Published on NewsOK Modified: May 7, 2014 at 10:26 am •  Published: May 7, 2014

The Allegheny County Council voted 9-5 to allow energy companies Range Resources and Huntley & Huntley to extract natural gas from beneath 1,180-acre Deer Lakes Park from well sites on neighboring private properties.

The vote followed seven hours of testimony and debate, and afterward some opponents shouted "Shame!" at council members.

County executive Rich Fitzgerald called the decision a victory for taxpayers, park users and residents. He said he would sign the ordinance and lease shortly.

The proposal includes a $4.7 million bonus for the county, a $3 million donation to a park improvement fund and 18 percent royalties that county officials estimate would generate $3 million. Range Resources said the wells could produce natural gas for 30 to 40 years with about half the production occurring in the first eight years.

Protect Our Parks said its members were outraged by the decision, and member Gwen Chute said legal action was under consideration to stop the drilling.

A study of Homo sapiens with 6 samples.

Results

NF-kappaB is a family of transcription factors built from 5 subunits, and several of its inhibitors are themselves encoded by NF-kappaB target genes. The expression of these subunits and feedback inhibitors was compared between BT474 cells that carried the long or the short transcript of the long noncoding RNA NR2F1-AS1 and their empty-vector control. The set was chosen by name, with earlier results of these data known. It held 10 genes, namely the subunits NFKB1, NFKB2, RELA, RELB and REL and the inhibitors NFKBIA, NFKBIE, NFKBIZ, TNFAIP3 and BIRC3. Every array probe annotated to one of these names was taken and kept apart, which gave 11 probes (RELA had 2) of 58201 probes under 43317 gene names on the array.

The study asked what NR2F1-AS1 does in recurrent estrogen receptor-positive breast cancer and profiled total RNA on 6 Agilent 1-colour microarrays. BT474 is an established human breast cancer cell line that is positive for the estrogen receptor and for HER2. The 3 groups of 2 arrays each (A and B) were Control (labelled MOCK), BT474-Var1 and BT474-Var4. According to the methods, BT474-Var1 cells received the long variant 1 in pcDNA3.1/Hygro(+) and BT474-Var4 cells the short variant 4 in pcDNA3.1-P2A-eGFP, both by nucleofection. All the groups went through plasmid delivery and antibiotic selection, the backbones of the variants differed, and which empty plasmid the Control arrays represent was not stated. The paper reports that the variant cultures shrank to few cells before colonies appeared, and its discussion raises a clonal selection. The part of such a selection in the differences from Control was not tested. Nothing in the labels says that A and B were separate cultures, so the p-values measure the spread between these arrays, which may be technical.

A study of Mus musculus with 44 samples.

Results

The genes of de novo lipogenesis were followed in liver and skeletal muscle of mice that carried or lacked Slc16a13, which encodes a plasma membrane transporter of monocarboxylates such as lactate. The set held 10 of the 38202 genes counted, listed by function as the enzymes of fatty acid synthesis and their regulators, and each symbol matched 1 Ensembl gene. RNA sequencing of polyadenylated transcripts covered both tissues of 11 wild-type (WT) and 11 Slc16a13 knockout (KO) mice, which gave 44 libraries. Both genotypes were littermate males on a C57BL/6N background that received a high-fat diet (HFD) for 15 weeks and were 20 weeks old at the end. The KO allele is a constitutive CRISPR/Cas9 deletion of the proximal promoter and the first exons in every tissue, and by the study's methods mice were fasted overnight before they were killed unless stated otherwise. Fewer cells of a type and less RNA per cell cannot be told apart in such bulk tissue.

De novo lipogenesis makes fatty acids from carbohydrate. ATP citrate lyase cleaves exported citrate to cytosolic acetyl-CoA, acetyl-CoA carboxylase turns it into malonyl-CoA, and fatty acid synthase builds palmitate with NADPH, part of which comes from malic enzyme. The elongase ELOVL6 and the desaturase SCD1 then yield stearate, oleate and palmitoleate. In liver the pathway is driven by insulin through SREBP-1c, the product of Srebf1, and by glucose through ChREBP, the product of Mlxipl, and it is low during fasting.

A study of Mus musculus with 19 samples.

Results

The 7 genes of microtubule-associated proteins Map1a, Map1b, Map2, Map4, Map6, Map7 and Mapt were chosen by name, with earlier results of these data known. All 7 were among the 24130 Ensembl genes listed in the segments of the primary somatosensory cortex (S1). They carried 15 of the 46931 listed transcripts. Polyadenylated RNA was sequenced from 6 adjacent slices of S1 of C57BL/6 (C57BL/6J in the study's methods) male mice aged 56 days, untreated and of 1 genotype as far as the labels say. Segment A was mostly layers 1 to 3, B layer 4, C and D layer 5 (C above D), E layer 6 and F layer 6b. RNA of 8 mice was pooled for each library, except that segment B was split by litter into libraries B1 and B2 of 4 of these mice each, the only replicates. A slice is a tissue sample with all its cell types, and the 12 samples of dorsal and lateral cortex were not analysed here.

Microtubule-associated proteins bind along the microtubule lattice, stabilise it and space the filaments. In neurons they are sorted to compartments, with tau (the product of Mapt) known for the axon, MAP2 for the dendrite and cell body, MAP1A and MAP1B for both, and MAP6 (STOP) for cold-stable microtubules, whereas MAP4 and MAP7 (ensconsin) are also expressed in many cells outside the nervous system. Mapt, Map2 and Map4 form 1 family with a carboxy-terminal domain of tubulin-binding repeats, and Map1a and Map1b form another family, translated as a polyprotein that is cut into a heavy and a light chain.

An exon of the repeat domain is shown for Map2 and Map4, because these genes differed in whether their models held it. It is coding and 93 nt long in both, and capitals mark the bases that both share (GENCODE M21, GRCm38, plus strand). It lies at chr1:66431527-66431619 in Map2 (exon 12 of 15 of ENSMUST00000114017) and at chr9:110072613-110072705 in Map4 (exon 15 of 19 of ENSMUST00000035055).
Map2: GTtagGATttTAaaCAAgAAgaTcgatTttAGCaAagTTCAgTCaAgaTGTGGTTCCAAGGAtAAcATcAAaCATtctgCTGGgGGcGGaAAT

Fitzgerald said the county is often sued on contentious issues but he believed the ordinance would withstand any legal challenge.

Before the vote, several council members spoke about the reasons for their decision. Councilwoman Barbara Danko called the drilling proposal "short-term gain" at the expense of future generations.

"I'm not naive to the fact that we need energy," Danko said. "I do think ... that the parks are different."

Councilman Ed Kress, who represents the area, said he had originally opposed the idea because of questions about royalty payments, but changed his mind after talking to his constituents.

"It's not a perfect deal, but it's a good deal," Kress said. "I'm trying to arrange a future for the people in my district."

University of Pittsburgh law school professor Jules Lobel warned members that they were voting on more than just one project.

"You are setting a precedent that you can use the parks for industrial purposes," he said.

James Converse, a member of Friends of South Park, said money to fix many problems in parks had to come from somewhere, and the alternative was raising taxes.

"We need to do this project just to prove to people that drilling can be done right," he said.